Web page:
Tina plopped down onto the couch and set her coffee on the table in front of her. Her sister insisted on calling her each and every Thursday morning at 7am. Tina had no need for such ongoing contact but Rachael needed to continue to weave the thread of their lives. And so Tina woke in time to shower, made coffee and got everything ready to leave for work the instant she was done with her familial obligation. She was obligated.
“And so, this Jared guy,” she asked. “Why did you say you wanted to meet him?”
Tina put her sister on speaker and turned to look out the window of her apartment where her neighbors had started their days. At her middle level in the city’s pecking order, she was afforded views into other windows where mostly stylish people were readying themselves to attack whatever dreams brought them or kept them in the city. She liked to watch the woman with the white dog and red couch. The width of the street between them and the tint of their windows kept this viewing only mildly invasive. The woman appeared each morning in a robe, then back and forth, which Tina assumed meant she was making coffee and maybe showering. On one of the round trips she would appear in some sort of athletic wear. In summer that meant shorts and in winter she added a heavy down coat. She’d scoop up her dog and disappear. Tina was always gone by whatever time the woman reappeared. At night the women close her heavy draped depriving Tina from knowing more.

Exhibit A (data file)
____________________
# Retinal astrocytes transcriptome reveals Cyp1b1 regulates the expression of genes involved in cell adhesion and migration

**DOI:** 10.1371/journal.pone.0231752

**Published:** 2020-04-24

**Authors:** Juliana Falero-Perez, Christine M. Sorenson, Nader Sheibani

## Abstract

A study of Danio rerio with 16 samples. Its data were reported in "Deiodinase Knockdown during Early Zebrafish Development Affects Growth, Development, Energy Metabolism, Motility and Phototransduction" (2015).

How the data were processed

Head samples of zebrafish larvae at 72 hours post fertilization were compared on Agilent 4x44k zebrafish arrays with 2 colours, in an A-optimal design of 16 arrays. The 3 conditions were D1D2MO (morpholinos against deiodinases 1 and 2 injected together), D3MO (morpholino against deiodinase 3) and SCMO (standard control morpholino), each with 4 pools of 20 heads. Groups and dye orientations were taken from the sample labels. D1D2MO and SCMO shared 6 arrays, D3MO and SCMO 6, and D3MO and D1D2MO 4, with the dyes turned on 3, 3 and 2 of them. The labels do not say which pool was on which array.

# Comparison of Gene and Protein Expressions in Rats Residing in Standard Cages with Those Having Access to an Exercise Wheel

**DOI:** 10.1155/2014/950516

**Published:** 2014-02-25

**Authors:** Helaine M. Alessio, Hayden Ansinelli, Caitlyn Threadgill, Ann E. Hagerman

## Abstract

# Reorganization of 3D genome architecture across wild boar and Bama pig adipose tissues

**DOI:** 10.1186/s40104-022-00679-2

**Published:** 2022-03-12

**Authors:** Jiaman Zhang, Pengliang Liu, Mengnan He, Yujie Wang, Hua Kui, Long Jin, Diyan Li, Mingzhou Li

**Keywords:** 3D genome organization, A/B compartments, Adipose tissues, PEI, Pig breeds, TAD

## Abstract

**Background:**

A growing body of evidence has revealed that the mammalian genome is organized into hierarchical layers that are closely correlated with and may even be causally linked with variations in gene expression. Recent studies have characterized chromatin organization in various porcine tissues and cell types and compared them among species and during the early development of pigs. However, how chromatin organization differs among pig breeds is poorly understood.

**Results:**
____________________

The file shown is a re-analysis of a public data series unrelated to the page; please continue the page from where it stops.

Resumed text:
“I thought you were done dating guys who were good-looking. What about quality of their soul? I swear that’s what you said last month.”
Tina listened to her sister protest as she continued her check-in with her neighbors. The guy in expensive suits who made such brief appearances as he passed through what must be his living room. Tina was blocked from anything more intimate. Onto the family with rowdy toddlers. They must have had triplets, the morning chaos seemed so out of control.
“Uh hum. Yeah, I’m busy at work but I’m going away for the weekend,” she said, holding up her end of the conversation. “That rich friend with the house on the beach. I really don’t know what she sees in me, but I’m invited again. I love pretending that’s my life.”
Tina liked to hear her sister laugh and wished she’d hear it more often. But, alas, like every week, her sister had invited a dark cloud to hang over her life. Men, bad girlfriends, a stupid job. If Tina were able to talk to her sister in person, she’d shake her shoulders and tell her to quit this shit. Get a life, a real one, a good one.
“Okay, love you too. Next week. Ciao, ciao.”
It always took Tina a few minutes to bring herself back into her own happiness and leave her sister’s behind. She took a breath, grabbed her bag and headed downstairs.